October 6th, 2010 WW Editorial Staff | Special Section Stories
 

Patrick Ness

     

American-born, U.K.-based dystopian young-adult novel wiz (The Knife of Never Letting Go, The Ask and the Answer, Monsters of Men). He appears as part of the “YA Gets Real” panel with L.K. Madigan and Conrad Wesselhoeft on the McMenamins stage and 5 pm Saturday on the Columbia Sportswear stage.

What are your favorite themes to write about?

I’m not sure it’s a great idea to start out with capital-letter Themes in your head; you put yourself in danger of writing a sermon rather than a story. I do tend to circle around what concerns me in the world, though: fractiousness, sectarianism, erosion of privacy. Happy things!

Name three books on your nightstand or shelf right now.

The Nice and the Good by Iris Murdoch, just to see if you can really write a novel with a title like that, The Kindly Ones by Jonathan Littell and Nightwatch from Terry Pratchett’s phenomenal Discworld series, which are practically a moral good in the universe.

What’s your personal writing ritual?

A thousand words a day, however long that takes; then a return to that the next day to rewrite the 1,000 and adding another 1,000 on to the end. Continue until the end of a suitable section, then repeat process until you end up, trembling and pith-eyed, with a book.

The most beautiful word in the English language is:

“Ireland.”

What authors made you want to pick up a pen in the first place and why?

Peter Carey’s writing churns and boils and emits smells both spicy and rude. He’s the one author who really taught me that novels are merely a thin slice of a larger imagined world. Amazing stuff, read his books immediately.

Name a book you think is highly overrated. Be honest.

No, I think there’s too much of this around these days. The Internet has somehow turned us into people whose first waking thought is, “How can I most loudly proclaim my disgust for something someone else dearly loves?” We should be celebrating books. If one book isn’t for everyone, so what?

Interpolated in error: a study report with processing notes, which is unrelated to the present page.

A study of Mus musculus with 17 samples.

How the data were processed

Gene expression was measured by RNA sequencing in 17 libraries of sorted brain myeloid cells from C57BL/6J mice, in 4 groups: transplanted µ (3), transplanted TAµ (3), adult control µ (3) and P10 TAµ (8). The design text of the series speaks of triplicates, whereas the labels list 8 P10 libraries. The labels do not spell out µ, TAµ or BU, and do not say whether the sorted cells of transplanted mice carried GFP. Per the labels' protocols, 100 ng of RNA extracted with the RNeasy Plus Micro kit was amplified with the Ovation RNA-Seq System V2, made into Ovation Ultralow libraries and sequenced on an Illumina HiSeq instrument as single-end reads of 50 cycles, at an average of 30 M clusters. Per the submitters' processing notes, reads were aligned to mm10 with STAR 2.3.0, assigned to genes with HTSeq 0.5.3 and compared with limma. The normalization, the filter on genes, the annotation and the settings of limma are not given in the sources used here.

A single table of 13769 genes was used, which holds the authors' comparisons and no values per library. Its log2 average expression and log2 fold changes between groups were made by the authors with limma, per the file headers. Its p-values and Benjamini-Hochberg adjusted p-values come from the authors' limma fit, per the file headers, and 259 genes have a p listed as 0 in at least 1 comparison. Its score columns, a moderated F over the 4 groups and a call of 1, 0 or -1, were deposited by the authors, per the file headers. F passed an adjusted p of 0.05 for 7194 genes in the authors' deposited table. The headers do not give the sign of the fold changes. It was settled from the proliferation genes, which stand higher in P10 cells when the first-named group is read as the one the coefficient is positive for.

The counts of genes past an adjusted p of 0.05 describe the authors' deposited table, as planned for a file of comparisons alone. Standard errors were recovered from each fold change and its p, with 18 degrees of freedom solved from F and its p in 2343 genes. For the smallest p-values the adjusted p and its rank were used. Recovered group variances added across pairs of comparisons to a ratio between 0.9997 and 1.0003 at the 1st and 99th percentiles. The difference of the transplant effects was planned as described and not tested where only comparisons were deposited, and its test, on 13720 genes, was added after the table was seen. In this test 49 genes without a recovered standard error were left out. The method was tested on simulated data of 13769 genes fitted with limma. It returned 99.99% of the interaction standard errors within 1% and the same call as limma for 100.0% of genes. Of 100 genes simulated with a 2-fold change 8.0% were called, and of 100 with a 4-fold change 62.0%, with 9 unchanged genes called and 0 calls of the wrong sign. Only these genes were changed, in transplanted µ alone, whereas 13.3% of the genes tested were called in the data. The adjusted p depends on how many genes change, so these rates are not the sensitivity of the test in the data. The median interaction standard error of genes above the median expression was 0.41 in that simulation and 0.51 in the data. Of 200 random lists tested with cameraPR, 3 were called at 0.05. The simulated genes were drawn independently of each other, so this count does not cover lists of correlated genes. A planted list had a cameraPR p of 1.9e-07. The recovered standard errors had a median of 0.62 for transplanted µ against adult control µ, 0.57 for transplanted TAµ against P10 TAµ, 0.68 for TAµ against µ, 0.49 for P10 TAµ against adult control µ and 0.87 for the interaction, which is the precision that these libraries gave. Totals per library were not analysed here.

The dumbest thing I ever did is…

In a moment of madness, buy a leather jacket that cost more than my first car and then be so afraid to wear it that it’s been hanging in my wardrobe for going on 12 years.

The best piece of advice I ever got was…

Write a book you’d want to read yourself. You’d be amazed at how often people don’t do this.

What’s your literary guilty pleasure?

No pleasure should be guilty, though I have read a surprising amount of Monty Python-related material. Even Michael Palin’s diaries, which are huge.

The closest I’ve ever come to quitting is…

Truthfully, about a month before I got my best book deal. It was that close. I’m really lucky.

Most recent nightmare:

Oh, you know, the usual—end of the world, global apocalypse, the dearth of decent Mexican food in England….

Your cure for writer’s block:

(1) Running, I get all my best ideas while running, and (2) writing about the block rather than the blocked subject. It often helps to get you out of the slump.

A dead person you’d like to meet (they’d be alive during the meeting):

Billy Wilder, easy.

What was your favorite book as a kid?

Not a book, but as a 15-year-old, I got taken to a Seattle Rep performance of Cat on a Hot Tin Roof. I write nothing like Tennessee Williams (who does?), but the heat and the possibilities and the yearning…. Boy, it really changed everything for me.

Please paste a short paragraph from a story, poem, article, blog post, etc., you’re currently working on below:

I’m really protective of my works in progress, actually; they need privacy and quiet to grow properly. No one at all reads them until they’re absolutely ready. It’s advice I give to aspiring writers, too. That way, you can make all the mistakes you need without anyone ever having to know.